This section is from the "The Ladies' Work-Table Book: Domestic Needlework in Nineteenth-Century America" book, by Margaret Vincent. Also available from Amazon: The Ladies' Work Table: Domestic Needlework in Nineteenth-Century America.
We have now, we trust, placed before the young student of fancy needlework, such plain directions, in all things essential to the art, as cannot fail, if a proper degree of thought and attention is bestowed upon them, to make her a proficient in this delightful employment. With one or two additional remarks, we will conclude this portion of our labors. The young votary of the needle must recollect that, if she allows her fondness for this accomplishment to draw off her attention from the more serious or useful business of life, she will act decidedly wrong and had far better never learn it at all. Another thing to be especially guarded against, is, not to devote too much time to this, or any other engagement, at once ; the mind and body are both injured, to a serious extent, by dwelling too long on a single object. Let it never for a moment be forgotton, relaxation and exercise are indispensible, if you wish to enjoy good health, or an even and pleasant temper. Again, take care that you never become so absorbed in the object of your pursuit, as to allow it to interfere with the calls of friendship, benevolence, or duty. The young lady who can forget her moral and domestic duties, in the fascinations of the embroidery frame, gives but little promise of excellence, in the more advanced stages of life.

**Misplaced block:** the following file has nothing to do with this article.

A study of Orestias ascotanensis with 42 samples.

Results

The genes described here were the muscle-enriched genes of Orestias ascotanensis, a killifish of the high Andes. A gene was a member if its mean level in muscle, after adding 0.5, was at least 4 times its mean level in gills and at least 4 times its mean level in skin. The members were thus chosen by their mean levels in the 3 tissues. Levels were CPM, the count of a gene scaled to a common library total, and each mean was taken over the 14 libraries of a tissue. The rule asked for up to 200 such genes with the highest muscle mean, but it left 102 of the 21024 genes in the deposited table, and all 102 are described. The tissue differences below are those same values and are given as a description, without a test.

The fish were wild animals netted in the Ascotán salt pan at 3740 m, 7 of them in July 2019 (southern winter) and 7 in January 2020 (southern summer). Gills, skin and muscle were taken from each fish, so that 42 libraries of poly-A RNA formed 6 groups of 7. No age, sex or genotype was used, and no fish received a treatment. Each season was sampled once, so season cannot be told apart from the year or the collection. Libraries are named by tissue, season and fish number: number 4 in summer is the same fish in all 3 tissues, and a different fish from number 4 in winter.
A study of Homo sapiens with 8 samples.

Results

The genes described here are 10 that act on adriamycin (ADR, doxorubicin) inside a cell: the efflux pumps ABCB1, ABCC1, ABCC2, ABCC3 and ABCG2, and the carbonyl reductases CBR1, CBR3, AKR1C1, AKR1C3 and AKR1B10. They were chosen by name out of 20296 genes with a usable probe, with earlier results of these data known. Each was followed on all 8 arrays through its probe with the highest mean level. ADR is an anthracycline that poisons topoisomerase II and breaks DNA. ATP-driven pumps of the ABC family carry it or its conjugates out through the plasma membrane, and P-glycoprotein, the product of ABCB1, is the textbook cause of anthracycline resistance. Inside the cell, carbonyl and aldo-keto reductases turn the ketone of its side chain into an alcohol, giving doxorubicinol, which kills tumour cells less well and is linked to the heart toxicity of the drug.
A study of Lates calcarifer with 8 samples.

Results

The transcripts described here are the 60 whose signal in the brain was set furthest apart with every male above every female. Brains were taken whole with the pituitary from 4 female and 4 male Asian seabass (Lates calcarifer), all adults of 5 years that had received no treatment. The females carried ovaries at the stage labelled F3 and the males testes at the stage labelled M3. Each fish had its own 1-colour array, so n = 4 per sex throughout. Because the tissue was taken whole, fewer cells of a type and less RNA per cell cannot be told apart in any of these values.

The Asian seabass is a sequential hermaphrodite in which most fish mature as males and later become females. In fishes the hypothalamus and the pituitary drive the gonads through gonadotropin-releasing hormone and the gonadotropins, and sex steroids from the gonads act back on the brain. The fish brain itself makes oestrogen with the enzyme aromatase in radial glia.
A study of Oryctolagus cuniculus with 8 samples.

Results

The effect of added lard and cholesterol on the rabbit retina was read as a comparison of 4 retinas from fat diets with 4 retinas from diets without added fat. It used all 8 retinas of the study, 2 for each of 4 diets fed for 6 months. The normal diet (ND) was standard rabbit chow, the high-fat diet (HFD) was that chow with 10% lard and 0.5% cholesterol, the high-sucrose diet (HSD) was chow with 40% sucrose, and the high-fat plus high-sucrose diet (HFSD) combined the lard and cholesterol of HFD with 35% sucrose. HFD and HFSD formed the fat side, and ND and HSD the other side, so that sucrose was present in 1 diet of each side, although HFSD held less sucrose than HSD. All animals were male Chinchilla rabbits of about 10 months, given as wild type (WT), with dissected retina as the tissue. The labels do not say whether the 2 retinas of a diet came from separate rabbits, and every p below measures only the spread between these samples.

Let neatness, and order, characterize all your arrangements.
Cut your silks and wools into proper lengths, and fold them in paper, writing the color on each, and numbering them according to their shades, 1, 2, 3, etc, beginning with the darkest.
Dispose all your materials so as to come at them without trouble or incovenience, and use every possible care to prevent your work from being spoiled in the performance.
We advise every young lady to pay particular attention to painting and design ; and to render every accomplishment subservient to some high and moral development of the heart, and of the character.